Raging Winds Will Gradually Subside

Andrew Freedman @ 8:49 AM

According to the Associated Press, Sally Jordan Hill, a 50-year-old nurse anesthetist, is in a North Carolina jail on murder charges stemming from the mysterious death of a patient five years ago.

Prosecutors allege that in 2001 she administered a lethal dose of painkillers to Sandra Baker Joyner, a patient who had undergone a routine face lift, and also had three names. The motive: According to investigators, Ms. Hill was angry that Joyner stole her high school boyfriend 30 years ago.

Jason Samenow's Forecast

Forecast Confidence: HighToday: Mostly sunny and breezy. Highs should range from 61-65 with west winds of 15-20mph and a few higher gusts.
Tonight: Winds should gradually subside. It will be clear and cold with lows 33-39 (suburbs-city)
Tomorrow: Mostly sunny and mild. Highs 65-70.

Check back tomorrow for Jason's week-ahead forecast.

As this story proves, jealousy is a powerful motivator. We all know what it's like to be Ms. Joyner, on the losing end of the stick.

Weather afficionados struggle with jealousy more than "normal" people. We agonize over whether another town is getting worse (or better,in our minds) weather than where we are. We curse the atmosphere for abandoning us when we miss a snowstorm and require a prescription for Zoloft if a major nor'easter fails to go according to plan.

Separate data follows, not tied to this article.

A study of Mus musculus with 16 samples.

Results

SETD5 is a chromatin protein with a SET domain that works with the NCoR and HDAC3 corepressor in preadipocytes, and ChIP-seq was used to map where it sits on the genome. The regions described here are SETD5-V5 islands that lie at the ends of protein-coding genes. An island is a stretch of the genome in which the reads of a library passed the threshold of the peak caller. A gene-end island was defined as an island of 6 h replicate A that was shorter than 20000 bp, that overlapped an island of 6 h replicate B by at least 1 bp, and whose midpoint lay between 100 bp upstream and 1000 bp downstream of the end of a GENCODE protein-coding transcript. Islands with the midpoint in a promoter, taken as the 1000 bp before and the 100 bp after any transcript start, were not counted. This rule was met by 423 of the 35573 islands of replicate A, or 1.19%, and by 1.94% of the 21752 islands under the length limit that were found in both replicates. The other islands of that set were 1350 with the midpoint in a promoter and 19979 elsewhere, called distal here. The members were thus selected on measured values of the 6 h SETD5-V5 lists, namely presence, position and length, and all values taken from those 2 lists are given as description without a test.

We also claim bragging rights when the necessary ingredients come together to blitz our location with a straight-line wind event, a thundersnow extravaganza or better yet, the ever-elusive tornado.

For the weather obsessed, Mother Nature is a fickle lover who dashes our hopes and dreams with one ill-timed wind shift, one vorticity max placed too far upstream or a 20 mile shift in the "exact storm track."

I've struggled my entire life with weather envy (WE, for you acronym loving D.C. denizens). Last year I flew home to Boston to experience a forecast coastal storm because I knew how sad I'd be just watching it on The Weather Channel from a cold and dry Chicago. Well, I also went to visit my family, of course. But which was foremost in my mind when the flakes began to fly?

As a kid I lived and died by the ruthless and indiscriminate rain/snow line that plagues the coastal plain during nor'easters. It seemed that it was always snowing outside of Route 128, a narrow, traffic-plagued stretch of road forming a perimeter around the city of Boston in a similar manner as the Beltway does in D.C.. I'd stay awake all night during storms, watching my outdoor thermometer climb from the upper 20s into the mid 30s on an East wind, as six inch snowfalls turned into slushy messes. The mornings were the worst, when I found out how much snow had accumulated in towns just west of mine.

I recall more than once vowing to kill every innocent resident of Worcester, Mass. due to their far more frequent winter wallops only 40 miles away. I also once said, upon hearing the final snow totals one day, "Those people don't deserve such a good storm." I have no idea what that meant, but it was said in a fit of weather rage. It's a damn good thing I wasn't treating patients that day. Or ever.

In D.C. I was perpetually angry at Baltimore for always seeming to wind up with more snow than D.C. In the blizzard of 2003, for example, D.C. turned to sleet in the last several hours of the storm while Baltimore stayed all snow and beat the capital by about ten inches in the final tally.

I'm not planning on become an anesthetist, mostly because I can barely even spell that word, but if I do... look out. Weather grudges are just as powerful as high school romance grudges.

"Oh, you were born in Worcester, that's wonderful. Interesting city. Airport abbreviation is ORH. Great snowstorms... ok, now I want you to count backwards from 100 please. Any final words?"